Some 25 years ago, when I was a University student, I started a small business focusing on selling personal computers and related services. My company had kept me busy for seven years.
In the year 1999, I decided to move to Canada. An obvious choice was to try the same activity that had worked in Slovakia. I started activities that would help me to gain some customers. But I failed. So, I eventually gave up.
After several years of permanent employment, I started exploring new options again. I discussed several ideas with a few people, and I decided to try IT Consulting & IT services activities. I managed to get a few contracts via personal agencies. I decided to stop consulting business in 2010.
Below is a review of my projects and past activities. It totals ten years of operating the IT business.
Business is incorporated in Ontario. I provided IT professional services to various clients in Toronto and USA/offshore. Contracts were arranged through personal agencies and a consulting company.
Information about specific projects and assignments is available upon request (pending non-disclosure provisions in contractor agreements).
When I moved to Toronto, I was looking for a way to promote myself. I created a website smartwebsoft.com (mirror), with the concept of a custom software development business. I was hoping I would be able to build upon my past software development activities in Slovakia.
Starting such a business was not feasible without Canadian citizenship. So, I had three years to find a strategy to operate such a business in Canada.
I started playing with concepts of finding customers. I started with a cost-effective email campaign. I collected essential data, including email addresses of various businesses operating in Toronto, freely available in business directories. Those data were the basis of my CRM database of prospective customers. My CRM database contained close to 5000 addresses.
My first offering was an application called SalesPro. Another campaign focused on finding a general software development project. I used my past Delphi applications as a reference. As past projects were obsolete, I created new Delphi programs specific to Canadian business rules. New programs were promoted either as part of my smartwebsoft page or other websites I had designed for those applications. Some of those projects are listed below:
These email campaigns produced little response, with no leads worth following. I abandoned additional attempts regarding the SW development business in 2004.
The abovementioned projects are no longer live. I created partially functional demos as part of my online presentation. Experience gained can be discussed and used in new projects.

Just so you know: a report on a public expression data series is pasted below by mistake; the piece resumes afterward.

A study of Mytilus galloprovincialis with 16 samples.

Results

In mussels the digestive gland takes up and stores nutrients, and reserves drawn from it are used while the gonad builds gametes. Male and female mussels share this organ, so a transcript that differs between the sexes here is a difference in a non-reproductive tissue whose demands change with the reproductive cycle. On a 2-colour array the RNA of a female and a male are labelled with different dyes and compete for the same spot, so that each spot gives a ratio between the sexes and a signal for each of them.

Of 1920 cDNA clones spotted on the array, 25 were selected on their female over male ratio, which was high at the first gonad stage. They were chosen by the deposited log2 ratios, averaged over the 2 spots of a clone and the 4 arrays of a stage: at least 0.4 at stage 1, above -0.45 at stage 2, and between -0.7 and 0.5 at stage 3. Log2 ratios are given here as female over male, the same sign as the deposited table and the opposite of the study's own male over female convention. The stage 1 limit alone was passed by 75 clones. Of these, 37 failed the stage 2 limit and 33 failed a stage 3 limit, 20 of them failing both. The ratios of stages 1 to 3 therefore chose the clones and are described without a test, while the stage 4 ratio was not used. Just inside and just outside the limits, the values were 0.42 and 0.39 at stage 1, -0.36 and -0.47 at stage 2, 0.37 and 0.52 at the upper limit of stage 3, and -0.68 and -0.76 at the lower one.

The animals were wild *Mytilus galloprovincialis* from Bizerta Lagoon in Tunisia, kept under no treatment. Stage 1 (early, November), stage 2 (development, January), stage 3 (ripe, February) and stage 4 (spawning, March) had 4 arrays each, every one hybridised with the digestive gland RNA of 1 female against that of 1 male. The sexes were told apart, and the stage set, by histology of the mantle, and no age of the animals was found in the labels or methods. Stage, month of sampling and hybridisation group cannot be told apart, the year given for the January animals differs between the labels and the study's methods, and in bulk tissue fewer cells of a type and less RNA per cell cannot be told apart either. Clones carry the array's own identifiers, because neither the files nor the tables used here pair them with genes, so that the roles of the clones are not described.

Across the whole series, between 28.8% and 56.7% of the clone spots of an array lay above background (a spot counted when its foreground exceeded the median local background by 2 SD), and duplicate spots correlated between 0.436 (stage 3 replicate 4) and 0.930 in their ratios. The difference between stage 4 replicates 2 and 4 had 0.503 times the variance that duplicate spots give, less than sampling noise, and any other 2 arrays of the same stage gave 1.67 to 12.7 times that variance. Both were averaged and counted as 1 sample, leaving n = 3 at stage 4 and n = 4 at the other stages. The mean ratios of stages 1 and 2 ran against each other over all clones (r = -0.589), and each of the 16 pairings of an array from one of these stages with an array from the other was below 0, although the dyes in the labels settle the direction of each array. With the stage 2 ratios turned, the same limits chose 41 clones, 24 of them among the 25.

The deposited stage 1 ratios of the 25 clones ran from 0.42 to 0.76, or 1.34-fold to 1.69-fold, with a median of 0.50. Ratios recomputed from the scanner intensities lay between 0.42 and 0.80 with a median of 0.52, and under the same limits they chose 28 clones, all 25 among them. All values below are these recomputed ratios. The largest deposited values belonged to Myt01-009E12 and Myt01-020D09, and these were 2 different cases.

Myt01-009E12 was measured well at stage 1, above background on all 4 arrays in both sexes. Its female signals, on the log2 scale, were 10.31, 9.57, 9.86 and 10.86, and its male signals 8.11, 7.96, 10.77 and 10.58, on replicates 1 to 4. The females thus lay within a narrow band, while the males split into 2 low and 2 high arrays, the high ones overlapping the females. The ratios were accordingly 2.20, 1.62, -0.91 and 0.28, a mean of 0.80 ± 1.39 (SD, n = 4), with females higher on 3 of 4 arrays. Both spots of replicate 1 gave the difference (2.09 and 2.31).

The primary business activity was the development of database software. I created my initial applications in FoxPro 2.6 for MS-DOS. Later I continued with client-server software developed in Borland Delphi 5 as Windows-native applications. Typical customers for those applications were small companies.
The custom software development generated additional business:
The company also founded and operated two small copy&printing shops, strategically located at a student dormitory and a prime location in a small town.
The initial breakthrough product was the "investment funds agenda" explicitly designed for managing prospective small investors (called MIKs) during the 2nd wave of the "Coupon privatization" in Slovakia. The "MIK agenda" was the only such product on the market. An estimated market share was around 20% in both: "funds active in the 2nd wave" and "registered prospective investors (MIK s)."
Further "SW development business" grew thanks to contacts and referrals gained via the sale of the "MIK Agenda" program.
Business applications supported specific lines of business (billing/inventory/customers/leasing agreements), focusing on operational and taxation agendas. The most revenue was generated from customers in the financial industry.
I developed and installed some 40 small and mid-sized applications. Applications "MIK Agenda", "Magazine Authors compensations", and "Leasing Company agenda" were customized and installed to multiple customers.
Although the perceived size and advancedness of the whole business, core business activity (SW development, partially HW sale) was a one-person shop, those accomplishments would not be possible without the help or assistance of additional people and partnerships with other businesses.